Combating Disease

One of the big issues we’re going to have to deal with in the near future is the increase of drug-resistant bacteria, also known as superbugs. A post by the wordpress blog “International Health Student” from back in April talked about this danger, when some bacteria survive an initial dose of antibacterial medicine (like penicillin) and slowly evolve to become totally immune. Obviously, the solution to this problem would be to stop prescribing and using so many antibacterial medicines and start looking for alternative solutions. Unfortunately, most Americans are ignorant of their overuse, and pharmaceutical companies don’t really want to conduct research into new drugs because “the margin for profit is much smaller in comparison to drugs battling rare and specific cancer treatments.”
This problem is especially concerning for Minnesotans, because many antibacterial soaps and cleaning products end up in bodies of water (which we happen to have a lot of) and spread quickly through our water supplies, thereby increasing superbug populations throughout the state.
Upon closer investigation, this issue is evocative of the same problems that medieval Europeans had dealing with the bubonic plague. Really, it comes down to two things; not having knowledge of the better options, and acting in our own self-interests. When Giovanni Boccaccio described “The Onset of the Black Death” he mentioned a few of the methods that the Italians used to fight the disease, and one of the primary solutions was prayer. In their defence, they didn’t have the internet, and it would be another 500 years before germ theory was developed, but nevertheless it was their ignorance about the cause of the disease that kept them from combatting it effectively.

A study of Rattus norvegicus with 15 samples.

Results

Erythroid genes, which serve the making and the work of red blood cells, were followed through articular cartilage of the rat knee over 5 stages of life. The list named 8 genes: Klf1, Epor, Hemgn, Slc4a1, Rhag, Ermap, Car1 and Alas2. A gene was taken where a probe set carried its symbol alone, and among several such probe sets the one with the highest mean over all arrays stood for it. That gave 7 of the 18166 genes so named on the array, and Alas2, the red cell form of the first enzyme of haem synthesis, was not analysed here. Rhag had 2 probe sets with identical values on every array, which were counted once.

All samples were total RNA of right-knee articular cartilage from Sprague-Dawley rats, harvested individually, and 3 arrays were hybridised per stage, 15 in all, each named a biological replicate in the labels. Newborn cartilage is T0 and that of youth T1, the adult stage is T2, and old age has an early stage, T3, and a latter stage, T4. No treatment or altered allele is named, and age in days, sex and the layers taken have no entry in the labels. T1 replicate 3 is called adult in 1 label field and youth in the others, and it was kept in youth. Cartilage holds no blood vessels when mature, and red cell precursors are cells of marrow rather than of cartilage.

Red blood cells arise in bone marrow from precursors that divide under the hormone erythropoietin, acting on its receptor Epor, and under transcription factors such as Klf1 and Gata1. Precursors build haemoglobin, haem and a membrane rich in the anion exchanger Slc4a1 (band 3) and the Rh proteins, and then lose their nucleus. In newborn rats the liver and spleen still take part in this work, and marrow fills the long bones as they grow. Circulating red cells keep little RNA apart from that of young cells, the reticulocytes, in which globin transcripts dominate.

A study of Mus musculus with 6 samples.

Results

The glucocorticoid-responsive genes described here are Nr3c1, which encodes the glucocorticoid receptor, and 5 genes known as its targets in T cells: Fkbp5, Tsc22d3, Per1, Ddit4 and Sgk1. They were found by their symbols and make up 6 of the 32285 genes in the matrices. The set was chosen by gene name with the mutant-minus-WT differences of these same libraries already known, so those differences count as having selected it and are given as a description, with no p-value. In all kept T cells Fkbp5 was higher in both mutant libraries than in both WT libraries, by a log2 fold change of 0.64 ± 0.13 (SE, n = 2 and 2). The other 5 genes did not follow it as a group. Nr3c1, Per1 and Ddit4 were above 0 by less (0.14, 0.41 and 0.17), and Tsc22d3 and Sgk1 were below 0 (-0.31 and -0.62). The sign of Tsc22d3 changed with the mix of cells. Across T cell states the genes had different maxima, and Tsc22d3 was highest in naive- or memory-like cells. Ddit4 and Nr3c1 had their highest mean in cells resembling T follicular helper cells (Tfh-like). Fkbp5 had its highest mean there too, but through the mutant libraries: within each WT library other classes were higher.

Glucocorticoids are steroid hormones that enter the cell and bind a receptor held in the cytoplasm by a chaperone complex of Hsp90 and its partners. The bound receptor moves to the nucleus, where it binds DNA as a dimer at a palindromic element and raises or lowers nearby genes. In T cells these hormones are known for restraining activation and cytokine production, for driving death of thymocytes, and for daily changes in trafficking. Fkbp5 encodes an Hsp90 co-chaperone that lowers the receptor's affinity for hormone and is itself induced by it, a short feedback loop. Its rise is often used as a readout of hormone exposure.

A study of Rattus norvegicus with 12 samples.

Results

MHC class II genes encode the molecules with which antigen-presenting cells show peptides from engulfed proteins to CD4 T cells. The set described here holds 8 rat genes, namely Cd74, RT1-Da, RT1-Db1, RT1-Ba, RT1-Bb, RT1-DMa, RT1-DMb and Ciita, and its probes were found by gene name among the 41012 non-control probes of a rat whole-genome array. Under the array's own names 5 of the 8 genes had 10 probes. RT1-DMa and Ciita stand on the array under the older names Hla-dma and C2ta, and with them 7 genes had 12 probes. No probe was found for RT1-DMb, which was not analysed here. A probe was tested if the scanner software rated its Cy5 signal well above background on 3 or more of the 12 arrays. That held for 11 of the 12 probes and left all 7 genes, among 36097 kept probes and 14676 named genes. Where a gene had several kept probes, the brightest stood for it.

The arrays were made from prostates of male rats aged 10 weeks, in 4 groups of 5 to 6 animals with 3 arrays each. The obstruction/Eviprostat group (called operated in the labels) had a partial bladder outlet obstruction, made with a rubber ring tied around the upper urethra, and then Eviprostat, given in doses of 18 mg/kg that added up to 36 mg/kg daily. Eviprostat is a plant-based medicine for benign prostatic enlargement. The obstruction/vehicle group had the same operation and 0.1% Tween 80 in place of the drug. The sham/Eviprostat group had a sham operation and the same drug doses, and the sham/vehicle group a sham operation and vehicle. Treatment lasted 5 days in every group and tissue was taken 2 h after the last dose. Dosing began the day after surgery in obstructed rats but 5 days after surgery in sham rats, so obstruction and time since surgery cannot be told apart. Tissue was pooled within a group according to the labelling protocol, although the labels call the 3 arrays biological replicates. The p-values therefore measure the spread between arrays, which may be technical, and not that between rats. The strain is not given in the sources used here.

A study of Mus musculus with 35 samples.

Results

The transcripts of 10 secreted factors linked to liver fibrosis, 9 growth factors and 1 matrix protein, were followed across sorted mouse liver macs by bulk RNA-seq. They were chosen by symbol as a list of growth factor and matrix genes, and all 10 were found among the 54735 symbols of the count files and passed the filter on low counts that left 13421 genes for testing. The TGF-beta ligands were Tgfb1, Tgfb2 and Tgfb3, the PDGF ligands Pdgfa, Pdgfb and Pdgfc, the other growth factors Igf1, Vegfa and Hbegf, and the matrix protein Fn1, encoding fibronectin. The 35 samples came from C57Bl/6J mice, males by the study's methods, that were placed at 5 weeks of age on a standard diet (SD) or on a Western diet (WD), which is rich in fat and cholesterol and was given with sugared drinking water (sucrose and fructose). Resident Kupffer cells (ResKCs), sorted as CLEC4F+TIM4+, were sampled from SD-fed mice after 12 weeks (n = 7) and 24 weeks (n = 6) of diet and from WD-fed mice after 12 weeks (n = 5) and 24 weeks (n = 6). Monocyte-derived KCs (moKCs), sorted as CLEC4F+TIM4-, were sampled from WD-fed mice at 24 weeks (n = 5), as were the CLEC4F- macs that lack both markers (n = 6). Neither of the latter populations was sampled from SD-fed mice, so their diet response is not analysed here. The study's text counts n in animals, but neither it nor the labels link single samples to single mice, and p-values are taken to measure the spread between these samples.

Furthermore, Boccaccio described the actions of the frightened populace, and how many people attempted to avoid the disease by cutting themselves off from the sick members of society, “and lived a separate and secluded life … holding converse with none but one another, lest tidings of sickness or death should reach them.” So great was the fear of the disease that “fathers and mothers were found to abandon their own children.”
Luckily for us Minnesotans, our government has a much greater awareness of the cause of drug-resistant bacteria than the medieval Italians did about the Black Death. That’s why our governor recently signed a bill banning the chemical Triclosan from soap and other sanitizing products, “in order to prevent the spread of infectious disease and avoidable infections and to promote best practices in sanitation.” Triclosan was the main antibacterial ingredient in those products. It has the side effect of decreasing thyroid hormone levels with long-term use, and according to most scientists, it is no more effective at preventing disease than simply washing with ordinary soap and water. Hopefully this is a sign of modern-day civilization’s willingness to find the best solution to its problems.